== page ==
Story by Brian Davis on 02/15/2019
MANCHESTER, Wash.-- The Naval Supply Systems Command Fleet Logistics Center (NAVSUP FLC) Puget Sound Fuel Department hosted local high school students for a salmon release project at Naval Base Kitsap-Manchester Feb. 7.
Students and faculty advisors from Discovery Alternative High School in Port Orchard, Washington, along with representatives from the Port Orchard Rotary Club released 15,000 newly hatched Coho salmon into Beaver Creek, a waterway that runs through the Manchester Fuel Depot and flows into Puget Sound's Clam Bay.
"We have been working with Discovery Alternative School for a number of years to support their efforts, which has been historically pretty successful at reestablishing the Coho salmon run on Beaver Creek, said Glenn Schmitt, Deputy Director of the NAVSUP FLC Puget Sound Fuel Department.
The students obtain salmon eggs from the state of Washington, and care for them at the Karcher Creek hatchery, a facility owned by the Port Orchard Rotary. Once the fish hatch, the students monitor their development for about one month until the hatchlings absorb their yolk sacs, known as the fry stage. Once the juvenile fish reach the fry stage, they are ready for release into the wild, according to Travis Avery, a senior at Discovery Alternative High School.
Beaver Creek was the subject of a superfund mitigation project initiated on Manchester Fuel Depot in 2003 with the goal of restoring the natural habitat and enhancing the migration of Pacific Northwest salmon species. The restoration project, intended to bring the waterway back to its pre-World War II condition, was declared completed in 2016.
As a result of the Navy's environmental efforts, Beaver Creek was considered a prime location for the salmon release project.
"This spot was recommended by the Washington Department of Fish & Wildlife," said Jerry Polley, a teacher at Discovery Alternative High School and faculty advisor for the project. "This is the ideal."
According to Polley, the geographic area where the fish are released will be "imprinted" on the fish as their birthplace. Once released into the wild, the hatchlings will make their way to the ocean. Those that survive to adulthood will instinctively return to their place of birth, or in this case release point, to spawn.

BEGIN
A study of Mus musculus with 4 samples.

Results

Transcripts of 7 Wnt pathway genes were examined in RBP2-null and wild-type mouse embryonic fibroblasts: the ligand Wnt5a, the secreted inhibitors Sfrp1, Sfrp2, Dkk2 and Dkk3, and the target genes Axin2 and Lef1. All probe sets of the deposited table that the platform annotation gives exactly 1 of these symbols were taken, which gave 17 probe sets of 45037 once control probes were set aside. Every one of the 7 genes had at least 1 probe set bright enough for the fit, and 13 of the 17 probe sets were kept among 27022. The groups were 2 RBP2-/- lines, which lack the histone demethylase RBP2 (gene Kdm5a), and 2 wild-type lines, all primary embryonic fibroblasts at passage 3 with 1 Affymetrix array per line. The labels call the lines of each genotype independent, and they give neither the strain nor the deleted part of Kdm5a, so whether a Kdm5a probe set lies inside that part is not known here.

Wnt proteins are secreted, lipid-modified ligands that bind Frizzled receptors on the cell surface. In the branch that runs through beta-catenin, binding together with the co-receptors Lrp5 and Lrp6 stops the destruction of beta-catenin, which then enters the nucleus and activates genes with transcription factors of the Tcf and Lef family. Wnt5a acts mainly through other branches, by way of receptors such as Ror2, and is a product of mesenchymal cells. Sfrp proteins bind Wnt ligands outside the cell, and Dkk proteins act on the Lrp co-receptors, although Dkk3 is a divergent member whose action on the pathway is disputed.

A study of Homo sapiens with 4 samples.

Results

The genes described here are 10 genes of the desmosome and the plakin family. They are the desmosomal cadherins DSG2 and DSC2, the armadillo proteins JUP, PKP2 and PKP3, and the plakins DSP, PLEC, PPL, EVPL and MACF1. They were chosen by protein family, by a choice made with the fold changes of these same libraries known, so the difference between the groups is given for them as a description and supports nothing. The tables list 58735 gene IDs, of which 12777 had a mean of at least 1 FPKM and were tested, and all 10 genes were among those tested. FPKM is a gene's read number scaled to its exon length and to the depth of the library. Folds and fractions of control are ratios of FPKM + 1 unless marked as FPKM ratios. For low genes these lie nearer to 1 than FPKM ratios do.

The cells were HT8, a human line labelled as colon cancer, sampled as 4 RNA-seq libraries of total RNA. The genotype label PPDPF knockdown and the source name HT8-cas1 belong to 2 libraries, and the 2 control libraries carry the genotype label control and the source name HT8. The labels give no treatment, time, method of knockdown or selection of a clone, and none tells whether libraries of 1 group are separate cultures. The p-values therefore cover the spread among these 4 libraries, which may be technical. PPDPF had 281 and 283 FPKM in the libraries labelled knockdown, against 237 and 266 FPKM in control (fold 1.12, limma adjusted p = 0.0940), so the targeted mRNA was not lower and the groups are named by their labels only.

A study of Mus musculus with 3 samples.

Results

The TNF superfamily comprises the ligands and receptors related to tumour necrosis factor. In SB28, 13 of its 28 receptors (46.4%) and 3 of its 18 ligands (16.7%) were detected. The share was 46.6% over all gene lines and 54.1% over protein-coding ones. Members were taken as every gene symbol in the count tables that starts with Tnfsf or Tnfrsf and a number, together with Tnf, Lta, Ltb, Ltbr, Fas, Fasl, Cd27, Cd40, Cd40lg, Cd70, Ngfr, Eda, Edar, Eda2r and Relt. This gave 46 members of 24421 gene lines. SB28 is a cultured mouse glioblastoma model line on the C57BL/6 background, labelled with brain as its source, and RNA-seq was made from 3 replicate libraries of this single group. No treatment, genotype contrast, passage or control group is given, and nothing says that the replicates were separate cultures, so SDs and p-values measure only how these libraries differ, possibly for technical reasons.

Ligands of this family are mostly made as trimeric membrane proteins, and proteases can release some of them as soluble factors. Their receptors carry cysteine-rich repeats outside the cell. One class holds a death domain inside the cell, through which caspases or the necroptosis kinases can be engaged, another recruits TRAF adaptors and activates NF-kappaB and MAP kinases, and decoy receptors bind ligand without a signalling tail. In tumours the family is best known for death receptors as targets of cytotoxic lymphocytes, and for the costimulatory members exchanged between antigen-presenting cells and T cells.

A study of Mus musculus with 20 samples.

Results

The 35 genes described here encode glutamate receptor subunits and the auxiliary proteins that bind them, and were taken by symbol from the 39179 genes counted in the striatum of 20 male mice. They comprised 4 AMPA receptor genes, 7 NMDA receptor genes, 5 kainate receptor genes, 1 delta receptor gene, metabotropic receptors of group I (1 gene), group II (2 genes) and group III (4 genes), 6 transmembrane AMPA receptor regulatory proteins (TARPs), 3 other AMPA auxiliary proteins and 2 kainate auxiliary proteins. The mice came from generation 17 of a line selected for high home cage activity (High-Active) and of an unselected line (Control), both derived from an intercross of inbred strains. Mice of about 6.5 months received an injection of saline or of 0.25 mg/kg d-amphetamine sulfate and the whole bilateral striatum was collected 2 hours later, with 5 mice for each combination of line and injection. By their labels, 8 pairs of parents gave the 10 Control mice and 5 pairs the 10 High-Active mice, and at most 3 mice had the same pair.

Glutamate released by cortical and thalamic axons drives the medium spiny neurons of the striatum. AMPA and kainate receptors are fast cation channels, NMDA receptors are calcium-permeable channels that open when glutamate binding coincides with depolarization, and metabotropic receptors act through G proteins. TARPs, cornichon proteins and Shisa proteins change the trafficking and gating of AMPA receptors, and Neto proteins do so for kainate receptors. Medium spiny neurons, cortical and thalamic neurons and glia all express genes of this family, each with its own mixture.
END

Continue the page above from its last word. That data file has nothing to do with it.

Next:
Students involved in the project were aware of the real-world importance of the project, and of the impact a successful salmon release program can have on the future salmon population.
"It's a good thing to do for the environment, and a chance to give something to future generations, our grandchildren," said Jazmine Carrill, a junior at Discovery Alternative High School.
The Manchester Fuel Depot, located at Naval Base Kitsap-Manchester, is managed by the NAVSUP FLC Puget Sound Fuel Department. The fuel depot's mission is to provide customers with top quality military specification fuel, lubricants, and additives used by land, sea, and air forces. The facility issues, manages, and receives bulk petroleum products and is tasked with ensuring compliance of product quality, inventory control, and environmental regulations. Manchester Fuel Depot provides fuels support for U.S. and allied forces throughout the Puget Sound region and the Pacific Rim.
NAVSUP FLC Puget Sound is one of eight FLCs under Commander, NAVSUP. Headquartered in Mechanicsburg, Pennsylvania, and employing a diverse, worldwide workforce of more than 22,500 military and civilian personnel, NAVSUP's mission is to provide supplies, services, and quality-of-life support to the Navy and joint warfighter. Learn more at www.navsup.navy.mil, www.facebook.com/navsup and https://twitter.com/navsupsyscom.
NAVSUP FLC Puget Sound provides operational logistics, business and support services to Navy, Coast Guard, Military Sealift Command, and other Joint and Allied Forces. Products and services include contracting, fuels, global logistics, hazardous material management, household goods, integrated logistics support, material management, postal, regional transportation and warehousing.